It might feel like a year already, but Niantic's free-to-play phenomenon Pokémon Go only began its gradual worldwide release roughly three weeks ago. The location-based augmented reality (AR) mobile game may have taken over the world, but it's far from perfect.

As discussed in our review, a large part of Go's success stems from the nostalgia-fuelled social aspect it inspires, rather than the qualities of the app itself.

Some believe it's an abject mess, while we and others are of the opinion that it has problems but serves as a functional basis for the social experience of playing it. Nobody is saying it's perfect.

So, here are ten ways to improve Pokémon Go, from the painfully obvious to what we know is coming, as well as some fun additions of our own.

Improve server stability

Let's get the painfully obvious out of the way first. Server stability has been a big problem since the game launched, owing to its enormous success. Given the surprising demand for Go, it's understandable that Niantic has encountered problems, but it still needs fixing. This would also solve knock-on effects server instability has had, such inaccurate feedback in the field showing nearby Pokémon.

Improve battery consumption

Data usage isn't as big a problem for Go as it seems while playing (I assumed after two weeks of regular play my 3GB mobile data allowance would have been obliterated, but it was never close). Battery consumption is, however, and needs to be addressed. A fully-charged Samsung Galaxy S5 will be drained after approximately three hours of persistent play, and the game takes only 15-20 minutes to make your phone hotter than a Magmar family reunion.

Trading between friends and others

One notable part of the classic Pokémon experience that's been missed in Pokémon Go is trading – but it is coming. Niantic confirmed that the feature is being worked on at San Diego Comic Con, but also said that server stability remains their priority. With the game's ability to display when nearby fights are happening, clearly it knows when other players are active in the area.

If there's no means to allow players to interact with strangers in nearby areas, perhaps it could make use of the contacts on a user's phone.

Pokemon Go
I really want a Growlithe. How come I've never found a Growlithe? The Pokémon Company

Live battles against friends and others

Battling others is also a massive part of the classic experience that is currently missing. Battling exists in Go through the Pokémon Gym element, but it's not a classic six on six match against a live opponent. The way battles work currently it'd be a crapshoot, and probably not a particularly fun one, but that could be worked on for a more conventional mulitplayer element.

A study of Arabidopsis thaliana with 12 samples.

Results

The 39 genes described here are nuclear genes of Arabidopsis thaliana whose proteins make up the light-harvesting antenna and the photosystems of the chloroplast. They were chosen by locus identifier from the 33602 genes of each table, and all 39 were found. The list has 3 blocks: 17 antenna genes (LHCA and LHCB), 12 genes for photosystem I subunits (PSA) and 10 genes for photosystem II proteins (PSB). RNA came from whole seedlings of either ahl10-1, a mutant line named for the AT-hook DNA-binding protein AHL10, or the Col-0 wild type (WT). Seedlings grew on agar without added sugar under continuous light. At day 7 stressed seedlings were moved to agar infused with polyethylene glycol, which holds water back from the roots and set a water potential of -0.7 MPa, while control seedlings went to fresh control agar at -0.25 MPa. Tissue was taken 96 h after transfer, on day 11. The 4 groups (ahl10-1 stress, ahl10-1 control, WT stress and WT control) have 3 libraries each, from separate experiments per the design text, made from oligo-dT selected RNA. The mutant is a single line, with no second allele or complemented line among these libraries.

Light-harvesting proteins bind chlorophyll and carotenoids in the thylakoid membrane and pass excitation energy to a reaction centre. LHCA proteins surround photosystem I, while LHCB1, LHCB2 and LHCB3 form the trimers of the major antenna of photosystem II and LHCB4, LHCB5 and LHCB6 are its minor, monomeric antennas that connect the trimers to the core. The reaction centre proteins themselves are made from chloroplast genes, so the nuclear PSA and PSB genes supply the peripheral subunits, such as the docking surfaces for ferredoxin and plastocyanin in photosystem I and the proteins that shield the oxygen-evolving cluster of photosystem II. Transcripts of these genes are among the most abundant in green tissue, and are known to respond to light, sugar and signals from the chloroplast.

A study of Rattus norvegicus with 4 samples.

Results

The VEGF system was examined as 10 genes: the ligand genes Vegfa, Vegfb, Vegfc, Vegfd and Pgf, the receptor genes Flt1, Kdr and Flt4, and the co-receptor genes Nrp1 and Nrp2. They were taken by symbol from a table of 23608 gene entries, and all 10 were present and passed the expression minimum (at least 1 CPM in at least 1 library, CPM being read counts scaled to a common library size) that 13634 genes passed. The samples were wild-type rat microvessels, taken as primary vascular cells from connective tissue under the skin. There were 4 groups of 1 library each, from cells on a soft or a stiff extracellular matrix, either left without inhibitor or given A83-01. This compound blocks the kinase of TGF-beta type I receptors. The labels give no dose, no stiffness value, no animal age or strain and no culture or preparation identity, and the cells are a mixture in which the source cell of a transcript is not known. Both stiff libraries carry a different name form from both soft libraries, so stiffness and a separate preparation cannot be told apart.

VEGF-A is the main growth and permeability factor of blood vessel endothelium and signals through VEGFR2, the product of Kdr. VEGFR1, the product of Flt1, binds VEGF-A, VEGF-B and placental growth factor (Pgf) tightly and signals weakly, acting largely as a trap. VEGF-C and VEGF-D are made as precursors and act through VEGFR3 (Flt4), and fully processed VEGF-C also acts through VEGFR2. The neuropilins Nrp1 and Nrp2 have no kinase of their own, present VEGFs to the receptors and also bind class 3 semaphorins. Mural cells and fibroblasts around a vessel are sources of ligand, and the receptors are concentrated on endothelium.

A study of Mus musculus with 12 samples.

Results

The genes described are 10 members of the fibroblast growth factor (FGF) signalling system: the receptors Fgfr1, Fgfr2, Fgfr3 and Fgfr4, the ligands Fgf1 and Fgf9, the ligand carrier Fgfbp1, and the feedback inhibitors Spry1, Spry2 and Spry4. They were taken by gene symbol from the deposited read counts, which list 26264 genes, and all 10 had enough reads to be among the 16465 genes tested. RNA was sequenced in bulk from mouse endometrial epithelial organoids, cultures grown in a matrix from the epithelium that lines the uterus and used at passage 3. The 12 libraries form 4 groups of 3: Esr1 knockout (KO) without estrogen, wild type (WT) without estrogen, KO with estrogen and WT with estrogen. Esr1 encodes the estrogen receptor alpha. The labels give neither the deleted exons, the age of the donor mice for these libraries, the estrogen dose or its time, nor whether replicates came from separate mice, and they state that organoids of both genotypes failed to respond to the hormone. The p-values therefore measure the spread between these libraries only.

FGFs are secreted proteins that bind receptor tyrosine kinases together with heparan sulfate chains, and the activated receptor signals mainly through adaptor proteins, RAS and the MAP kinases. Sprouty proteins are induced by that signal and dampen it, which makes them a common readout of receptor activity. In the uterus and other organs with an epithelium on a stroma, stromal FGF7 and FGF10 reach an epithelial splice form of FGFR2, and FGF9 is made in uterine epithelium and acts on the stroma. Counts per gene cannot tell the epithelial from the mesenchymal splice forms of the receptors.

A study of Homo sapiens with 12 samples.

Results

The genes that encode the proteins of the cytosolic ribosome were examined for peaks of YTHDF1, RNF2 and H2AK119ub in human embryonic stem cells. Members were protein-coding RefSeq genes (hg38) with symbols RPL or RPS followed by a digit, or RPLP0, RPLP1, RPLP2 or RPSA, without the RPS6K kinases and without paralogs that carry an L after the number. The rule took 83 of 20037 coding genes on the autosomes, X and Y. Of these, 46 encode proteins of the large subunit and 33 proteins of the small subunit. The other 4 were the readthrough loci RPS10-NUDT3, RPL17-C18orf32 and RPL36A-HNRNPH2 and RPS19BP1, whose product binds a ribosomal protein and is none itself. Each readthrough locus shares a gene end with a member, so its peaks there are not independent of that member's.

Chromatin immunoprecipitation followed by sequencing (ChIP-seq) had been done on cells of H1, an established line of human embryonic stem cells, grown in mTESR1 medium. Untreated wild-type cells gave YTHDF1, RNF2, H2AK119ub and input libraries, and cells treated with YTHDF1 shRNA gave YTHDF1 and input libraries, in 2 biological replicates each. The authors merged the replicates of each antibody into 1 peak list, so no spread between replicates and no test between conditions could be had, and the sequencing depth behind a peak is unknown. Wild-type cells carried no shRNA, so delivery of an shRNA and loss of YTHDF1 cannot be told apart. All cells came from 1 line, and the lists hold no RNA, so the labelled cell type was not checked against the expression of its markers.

Background functionality and notifications

At the moment Pokémon Go does nothing if the app isn't open and on-screen. If you want to hatch an egg or find Pokémon, you'll have to walk with the app running. There's no background functionality at all, which is unusual for a free-to-play mobile game.

The only reason why is apparently cynical. At the end of the month Nintendo launches Pokémon Go Plus – a wrist-mounted peripheral that connects to your phone via Bluetooth (that'll be another strain on batteries) and will vibrate when a Pokémon or Pokéstop is nearby but your phone is closed.

Once enough of the Plus accessories have been sold, hopefully we can see more background functionality introduced into the base app. At the very least, let's hope players will eventually be able to hatch eggs with their phone locked.

Allow easier healing in the menus

Using healing items is a slog at the moment. Each item is used one at a time, and if the app has been on a while it can be a laborious source of slow-down. The ability to select multiple Pokémon to use a potion or revive on at once, or an icon allowing the use of an item on every listed Pokémon, would make this necessary aspect of Go a lot more palatable.

Allow users to transfer multiple Pokémon at once

Transferring a ton of Pokémon is a painfully slow experience at the moment. If users could tap and hold one on the Pokémon screen to then select as many as they want and transfer them en masse – suddenly a sluggish part of the game becomes a lot easier.

Populate rural areas

Pokémon is great fun if you live in a city, but not everyone does. That might be a foreign concept to the Silicon Valley-based team at Niantic, but it's true. In rural areas there's really not much going on in the way of PokéStops and gyms, and nor are there a huge amount of good Pokémon. Even more-suburban areas that you'd expect to be quite busy often aren't if they're far enough removed from major cities.

It takes the shine off Go's fantastic ability to get people outside if it's only pushing them towards city centres and away from actual fresh air. Hopefully this is a side-effect of the location data gathered from Niantic's first game Ingress, and is addressed in the future.

Increase the player interaction radius

There's a pulsating ring that emits from player avatars as they move through the in-game map, dictating what can be found and interacted with: PokéStops and gyms, but also Pokémon that appear. It should be extended. Often I've found things just out of reach, requiring me to stand in specific – sometimes awkward places. I'd rather just sit on a nearby bench than loiter near a traffic light.


The camera-based AR functionality of Go is simple and effective, but it could be so much more. We've all seen people taking snaps of Pokémon they've found and are attempting to capture, but what if they could do this with Pokémon they've already caught. What if there was a front-facing camera option so you could put a Paras on your shoulder?

Would it litter social media with insufferable nonsense? Of course, but that's what social media is for.